An arterio-venous malformation is an uncommon lesion of inappropriately formed cerebral vasculature. A rupture of these vessels often results in cerebral haemorrhage. Depending on the size and location, the nature of the bleeding could have varying results, from a severe headache to a catastrophic neurological deficit, the former being more common.
A sizeable portion of patients harbouring this malformation face seizures or epileptic fits that arise out of cortical irritation or hemodynamic alterations. Ravi, a 20-year-old engineering student, was brought to the emergency by his parents after one such convulsion that resulted in a sudden jerking of his left arm and leg, followed by a transient weakness in those limbs.
By the time he arrived at the hospital, six hours later, he had already recovered most of his strength.
As we scrolled through the CT angiogram on the monitor, we identified a 3 cm vascular malformation with a tiny haemorrhage just in front of and not actually within the right “motor strip”, the area of the brain responsible for left hand and leg function. This was probably why the paralysis was transient.
“Based on all the characteristics of this lesion, there are a few options we have in treating this,” I explained to the parents with their son tethered to an IV pole beside us. Surgery, radiosurgery, embolisation…I made clear what each entailed, concluding that this could wait a few weeks before deciding on an intervention.
The family was well-heeled. They expressed the desire to take a second opinion. “Of course,” I emphasised, giving them a detailed report of our meeting. A surgeon should always encourage a patient to take a second opinion, rather than get offended by the suggestion. It offers security to the family and bolsters the first surgeon’s decision making when seconded by another colleague.
The family returned two weeks later, after having seen a few “top” neurosurgeons and interventional radiologists. They had also asked for and received suggestions from surgeons in the US and UK, I was told. I assumed that they had returned to be treated by me; after all, I was their first responder. I take pride in the discussions I have with my patients.
However, they surprised me with, “Given your expertise in the field, we need you to help us choose between the two doctors we have zeroed in on.” That’s a first, I thought to myself. Again, I realised, there was no reason to be insecure. Our job is to guide patients in the right direction with truth, transparency, and trust. I analysed the notes and offered my advice.
In the past, I have seen a few patients who, after having consulted with me, have had surgery elsewhere. After the operation, they sometimes return to me for follow-ups. One can understand if they were not satisfied with the outcome of surgery and were seeking a fresh perspective, but in most cases, the surgery goes off perfectly and recovery is uncomplicated.
“Ideally, you should be seeing your surgeon so that you maintain continuity in treatment,” I often say, since most of us are keen on evaluating patient progress, recovery, and health over the long term. In return, I sometimes get the response, “We have seen him, but we also wanted to see you,” and I find nothing wrong with that approach either. All of us live our lives wanting to feel validated, so why not our patients?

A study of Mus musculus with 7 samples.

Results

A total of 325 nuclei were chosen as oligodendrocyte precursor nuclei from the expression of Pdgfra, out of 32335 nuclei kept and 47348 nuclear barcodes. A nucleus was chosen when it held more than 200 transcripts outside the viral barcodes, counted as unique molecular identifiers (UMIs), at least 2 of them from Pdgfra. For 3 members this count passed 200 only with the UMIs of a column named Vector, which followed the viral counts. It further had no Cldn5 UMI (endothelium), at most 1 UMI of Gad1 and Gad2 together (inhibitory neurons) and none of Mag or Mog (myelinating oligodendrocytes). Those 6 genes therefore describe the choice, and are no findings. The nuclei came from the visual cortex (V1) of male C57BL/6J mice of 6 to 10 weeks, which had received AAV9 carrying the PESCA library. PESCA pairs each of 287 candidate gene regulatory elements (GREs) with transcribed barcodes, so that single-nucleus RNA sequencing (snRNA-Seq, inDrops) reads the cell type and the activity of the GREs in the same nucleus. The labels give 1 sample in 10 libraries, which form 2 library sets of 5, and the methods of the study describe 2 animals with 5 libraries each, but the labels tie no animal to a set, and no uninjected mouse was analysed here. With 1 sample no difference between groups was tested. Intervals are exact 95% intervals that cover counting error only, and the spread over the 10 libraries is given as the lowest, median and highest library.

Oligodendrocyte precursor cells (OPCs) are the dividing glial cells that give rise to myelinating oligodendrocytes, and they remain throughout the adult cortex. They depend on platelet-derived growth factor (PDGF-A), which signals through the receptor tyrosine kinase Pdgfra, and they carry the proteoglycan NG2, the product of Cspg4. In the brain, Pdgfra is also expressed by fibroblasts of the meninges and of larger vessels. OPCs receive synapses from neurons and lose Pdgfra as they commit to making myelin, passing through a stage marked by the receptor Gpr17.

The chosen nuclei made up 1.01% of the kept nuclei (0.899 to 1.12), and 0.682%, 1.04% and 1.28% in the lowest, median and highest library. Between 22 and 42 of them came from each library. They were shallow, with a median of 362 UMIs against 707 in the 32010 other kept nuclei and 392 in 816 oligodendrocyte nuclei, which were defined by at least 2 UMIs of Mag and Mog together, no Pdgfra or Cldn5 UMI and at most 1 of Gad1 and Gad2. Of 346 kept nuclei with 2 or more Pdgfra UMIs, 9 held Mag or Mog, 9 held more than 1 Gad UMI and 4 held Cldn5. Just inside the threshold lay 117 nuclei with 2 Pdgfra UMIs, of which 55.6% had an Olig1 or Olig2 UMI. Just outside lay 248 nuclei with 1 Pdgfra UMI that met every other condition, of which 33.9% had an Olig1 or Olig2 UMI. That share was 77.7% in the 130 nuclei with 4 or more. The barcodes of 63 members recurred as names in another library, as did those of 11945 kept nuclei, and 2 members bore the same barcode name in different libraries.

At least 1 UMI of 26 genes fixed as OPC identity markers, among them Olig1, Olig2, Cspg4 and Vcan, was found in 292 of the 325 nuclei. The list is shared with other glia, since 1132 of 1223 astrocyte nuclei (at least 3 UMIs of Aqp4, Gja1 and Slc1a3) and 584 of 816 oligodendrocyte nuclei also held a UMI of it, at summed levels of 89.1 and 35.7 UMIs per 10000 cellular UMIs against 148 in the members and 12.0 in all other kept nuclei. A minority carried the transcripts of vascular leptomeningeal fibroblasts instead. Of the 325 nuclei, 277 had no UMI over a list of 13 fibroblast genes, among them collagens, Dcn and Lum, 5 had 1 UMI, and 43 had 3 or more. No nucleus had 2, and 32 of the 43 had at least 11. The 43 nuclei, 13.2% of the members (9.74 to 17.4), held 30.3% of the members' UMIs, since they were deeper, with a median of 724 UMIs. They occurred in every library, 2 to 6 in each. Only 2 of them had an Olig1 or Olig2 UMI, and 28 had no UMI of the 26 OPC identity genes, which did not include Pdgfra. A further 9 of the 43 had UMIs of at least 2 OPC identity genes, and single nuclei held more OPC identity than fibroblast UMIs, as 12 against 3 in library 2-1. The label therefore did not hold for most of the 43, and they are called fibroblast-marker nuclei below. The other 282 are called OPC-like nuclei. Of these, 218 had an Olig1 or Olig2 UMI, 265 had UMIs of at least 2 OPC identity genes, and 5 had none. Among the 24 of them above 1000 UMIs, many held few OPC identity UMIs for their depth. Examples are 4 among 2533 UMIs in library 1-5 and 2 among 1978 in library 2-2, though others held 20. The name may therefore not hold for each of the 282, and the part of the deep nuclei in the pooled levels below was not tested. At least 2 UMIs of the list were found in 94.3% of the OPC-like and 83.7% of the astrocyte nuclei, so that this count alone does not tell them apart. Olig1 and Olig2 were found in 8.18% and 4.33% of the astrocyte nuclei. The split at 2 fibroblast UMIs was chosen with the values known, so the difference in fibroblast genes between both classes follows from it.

Patients who visit a private healthcare facility and have the means to afford it often seek a second opinion, especially if it involves brain or spine surgery. Some like to make it clear at the very start that they have come only for a second opinion, while others like to reserve that information till the very end or not mention it at all, probably to be able to obtain an unbiased assessment. Unfortunately, patients sometimes pit one doctor against the other, like small children who dodge parents to get what they want. This can sour relationships. “Never believe what a patient tells you his doctor said,” the famous Sir William Jenner said in the 1800s.
The online world is fraught with second-opinion clinics providing health solutions over remote consultations. Patients should be encouraged to seek opinions especially when the diagnosis is rare, as the world of academia may have physicians working on breakthrough treatments in the field. Insurance companies in the US also cover the cost of second opinions in order to reduce unnecessary surgery in patients with low back pain. However, it is imperative that these opinions are sourced from credible institutions; there are enough “quacks” selling treatments to those who are distressed or in pain, giving medicine the caustic reputation, it is frequently taxed with.
Ravi and his parents returned three months after a successful surgery elsewhere to corroborate the advice given to them by their surgeon on tapering off and eventually stopping the certain medication. I was with them throughout his illness, like the sidekick in a movie who is omniscient in every scene, uplifting the hero but never really getting credit for the film’s success. I often wonder what must go on in the minds of patients who seek multiple opinions and in the heads of the countless doctors who give and receive them. But, I also realise it is irrelevant: all of us play a part in the life and treatment of each patient; sometimes, we play a key role, while sometimes it’s a supporting role. No matter which it is, it’s important to do the best we can.